Well Living Lab – a replica of a real indoor working environment, explained
Well Living Lab simulates indoor environments and situations to scientifically measure the relationship between environment and peoples’ wellbeing. Our team visited the Well Living Lab summit to source the latest knowledge and research findings.
Our first collaboration with Well Living Lab started two years ago. We became a founding member, in order to be in line with the newest scientific findings related to the wellbeing of people in indoor environments, including workplaces.Why? In HB Reavis we believe that every person has the right to healthy workspaces that enhance wellbeing and productivity.
As a founding member of the Lab, we have access to the Lab’s findings and can consult with their first-rate experts about our ideas and solutions in order to design truly effective workspaces that respond to real people’s needs.
In September, Danica and Iva from our Experience Design team visited the annual, members-only, Alliance Summit held by Well Living Lab for the 4th time. The summit offers an excellent opportunity to baskin the Lab’s recent studies and to gain compelling sneak peeks into ongoing research, as well as to learn about other members’ pursuits in line with wellbeing.
Well Living Lab – a place for human-study research
Well Living Lab is a collaboration between Delos and the Mayo Clinic to measure how being indoors can improve health and wellbeing. The Lab combines building and health science to carry out innovative human-study research in its 510 sq m laboratory in Rochester, Minnesota, which is around 74 sq m more than an NBA basketball court.
The Lab includes both medical and building research, which gives fertile ground to a host of new questions in the field. It is looking into three main areas: offices, residential spaces, and independent living communities.
For each category, there is a dedicated space, designed to mimic real-life conditions: homes are replicas of flats, offices are copies of workspaces. The differences between original and simulated spaces lay in conditions, which are planned and gradually changed in the lab in order to test various hypotheses. For example, temperature, and humidity levels can be increased or decreased, or light conditions might vary throughout the day.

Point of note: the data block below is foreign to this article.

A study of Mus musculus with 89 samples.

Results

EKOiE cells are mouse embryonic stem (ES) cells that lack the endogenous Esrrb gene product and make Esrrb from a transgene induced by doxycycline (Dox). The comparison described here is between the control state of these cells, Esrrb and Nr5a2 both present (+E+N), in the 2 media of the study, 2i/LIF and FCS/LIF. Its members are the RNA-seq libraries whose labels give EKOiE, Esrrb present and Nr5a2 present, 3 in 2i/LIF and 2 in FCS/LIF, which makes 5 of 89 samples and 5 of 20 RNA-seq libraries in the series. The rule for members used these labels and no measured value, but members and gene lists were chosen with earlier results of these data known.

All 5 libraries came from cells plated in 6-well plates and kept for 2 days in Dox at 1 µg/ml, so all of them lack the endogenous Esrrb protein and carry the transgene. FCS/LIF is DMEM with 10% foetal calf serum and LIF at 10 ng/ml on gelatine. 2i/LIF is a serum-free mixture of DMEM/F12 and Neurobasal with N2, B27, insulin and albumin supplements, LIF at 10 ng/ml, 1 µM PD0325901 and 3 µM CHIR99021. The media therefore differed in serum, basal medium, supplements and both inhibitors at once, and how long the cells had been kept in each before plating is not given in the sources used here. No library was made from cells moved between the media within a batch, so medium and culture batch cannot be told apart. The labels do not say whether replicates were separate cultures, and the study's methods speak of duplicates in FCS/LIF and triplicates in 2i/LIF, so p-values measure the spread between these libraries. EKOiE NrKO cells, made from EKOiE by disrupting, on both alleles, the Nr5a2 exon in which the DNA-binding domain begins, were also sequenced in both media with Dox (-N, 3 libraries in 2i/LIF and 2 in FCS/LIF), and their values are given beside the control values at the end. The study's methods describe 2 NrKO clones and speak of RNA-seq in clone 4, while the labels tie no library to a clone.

What’s more, walls, surfaces, and furniture are equipped with sensors that measure changes within the environment and plot them in correlation with results delivered by medical checks and wearable sensors of test participants.
In the lab, the researchers take objective measurements alongside subjective data from study participants about their experience in different situations simulating real-life conditions. The main objective is to create a library of knowledge, which would enable companies and individuals to identify factors and combinations that positively or negatively impact human health, for instance, lighting, acoustics, air quality, and thermal conditions, and solutions can be planned accordingly.
Currently, Well Living Lab researchers are studying the impact of dynamic LED lighting on the wellbeing and experiences of people working in offices.
The previous study was focused on the use of biophilic elements as water features, nature sounds, natural materials and plants in an open-plan office. It lasted for eight weeks, with two for acclimatisation, with no conditions changed. It explored how those elements could reduce stress, and influence mood and productivity. Now, the study itself has finished. Gathered data will be analysed and should be published in scientific journals in early 2020.
If you are curious about the lab’s output, you can read the newest study regarding the detection of acute mental stress in the workplace here.